After Kaziranga, eviction from Assam movement launchpad

A section of the encroachers said they were genuine Indian citizens and alleged the BJP-led government was targeted them as Bangladeshi infiltrators because they were Muslims.

Written by Samudra Gupta Kashyap | Guwahati | Published:December 22, 2016 2:11 am

Three months after it removed settlers from forest land adjoining Kaziranga, Assam’s new government evicted over 200 families in Sipajhar in Darrang district Wednesday and cleared over 1,000 bighas government land from encroachers who had settled there for over two decades.

Unlike in Kaziranga, the Sipajhar eviction went peacefully. The site, however, is no less symbolic — Sipajhar is part of Mangaldoi Lok Sabha seat, from where the All Assam Students’ Union had launched its anti-infiltration movement of 1979-85. This was following a revision of electoral rolls, which had a large number of new names.

“We had served a notice to more than 200 families illegally staying in Fuhuratoli village of Sipajhar for many years. Today morning we carried out the eviction and removed 500 illegal structures that also included shops and sheds in a market the encroachers had set up,” Darrang deputy commissioner Ashok Kumar Barman said.

A section of the encroachers said they were genuine Indian citizens and alleged the BJP-led government was targeted them as Bangladeshi infiltrators because they were Muslims. The DC said the authorities had not looked into the citizenship aspect. “Encroachers are encroachers,” he said.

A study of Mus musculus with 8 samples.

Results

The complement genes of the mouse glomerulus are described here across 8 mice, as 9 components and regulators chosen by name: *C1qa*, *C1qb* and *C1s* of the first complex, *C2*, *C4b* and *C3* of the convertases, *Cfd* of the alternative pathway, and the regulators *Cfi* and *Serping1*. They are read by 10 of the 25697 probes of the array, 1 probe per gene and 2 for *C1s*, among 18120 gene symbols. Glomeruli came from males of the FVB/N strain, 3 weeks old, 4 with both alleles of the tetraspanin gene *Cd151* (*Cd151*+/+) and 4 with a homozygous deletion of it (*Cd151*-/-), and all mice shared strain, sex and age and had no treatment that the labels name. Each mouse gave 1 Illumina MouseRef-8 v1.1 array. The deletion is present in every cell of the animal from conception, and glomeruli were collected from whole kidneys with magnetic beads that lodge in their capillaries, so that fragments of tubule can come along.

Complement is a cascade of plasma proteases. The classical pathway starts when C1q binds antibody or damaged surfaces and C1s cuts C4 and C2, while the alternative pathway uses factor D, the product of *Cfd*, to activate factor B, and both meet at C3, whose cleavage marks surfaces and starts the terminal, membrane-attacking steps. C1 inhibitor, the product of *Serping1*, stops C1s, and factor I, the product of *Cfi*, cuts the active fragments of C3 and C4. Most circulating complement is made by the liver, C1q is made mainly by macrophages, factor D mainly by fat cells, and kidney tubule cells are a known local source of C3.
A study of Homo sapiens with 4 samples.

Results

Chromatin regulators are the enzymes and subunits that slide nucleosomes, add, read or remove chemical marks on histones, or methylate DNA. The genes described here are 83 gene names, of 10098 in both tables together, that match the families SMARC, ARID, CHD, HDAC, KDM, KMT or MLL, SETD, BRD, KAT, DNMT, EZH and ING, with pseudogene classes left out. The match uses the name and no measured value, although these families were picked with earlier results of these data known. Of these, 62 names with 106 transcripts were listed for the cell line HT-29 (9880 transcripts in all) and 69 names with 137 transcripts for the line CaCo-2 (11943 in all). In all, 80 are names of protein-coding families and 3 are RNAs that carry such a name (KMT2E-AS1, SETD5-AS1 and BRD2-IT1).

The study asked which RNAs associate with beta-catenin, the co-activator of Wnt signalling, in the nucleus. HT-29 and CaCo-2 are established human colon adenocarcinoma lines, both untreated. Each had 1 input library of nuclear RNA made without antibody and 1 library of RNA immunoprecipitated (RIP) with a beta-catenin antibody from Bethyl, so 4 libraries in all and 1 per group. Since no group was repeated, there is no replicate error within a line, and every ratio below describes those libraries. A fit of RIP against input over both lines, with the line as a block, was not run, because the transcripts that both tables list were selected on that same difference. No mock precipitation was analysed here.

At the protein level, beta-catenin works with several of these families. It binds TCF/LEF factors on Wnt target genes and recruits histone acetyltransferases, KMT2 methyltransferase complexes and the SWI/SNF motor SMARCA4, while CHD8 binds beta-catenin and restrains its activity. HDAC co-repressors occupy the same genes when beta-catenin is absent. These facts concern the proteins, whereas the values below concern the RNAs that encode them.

The BJP having promised to protect jaati, maati, bheti (nation, land, homestead) of the indigenous communities of Assam, the party-led government has evicted settlers from five places in the last three months — Kaziranga and Guwahati in September, Bardowa Satra in October, Mayong in November and Sipajhar now.

The Sipajhar DC said the 1,000 bighas cleared were marked in government records as professional grazing reserve. Earlier, residents of neighbouring villages used the land on payment of a nominal fee. “The encroachers had not only set up dwelling houses, but also a market with shops and sheds, in addition to cultivating the land as if it were their own,” Barman told The Indian Express.

He said there was no resistance in Sipajhar — two protesters had been killed in Kaziranga. In Sipajhar, many of the encroachers voluntarily dismantled the structures and moved with these to adjoining villages, the DC said.

Three independent groups — Prabajan Birodhi Mancha (PBM), Sangrami Satirtha Sanmilan and Dakshin Paschim Gowal Sanstha — meanwhile staged a dharna in Mangaldoi demanding eviction of encroachers from over 77,000 bighas government land in Sipajhar circle. The PBM is headed by Supreme Court lawyer Upamanyu Hazarika. who was engaged by the Supreme Court last year to carry out a spot investigation of encroachment by alleged Bangladeshi infiltrators in Assam.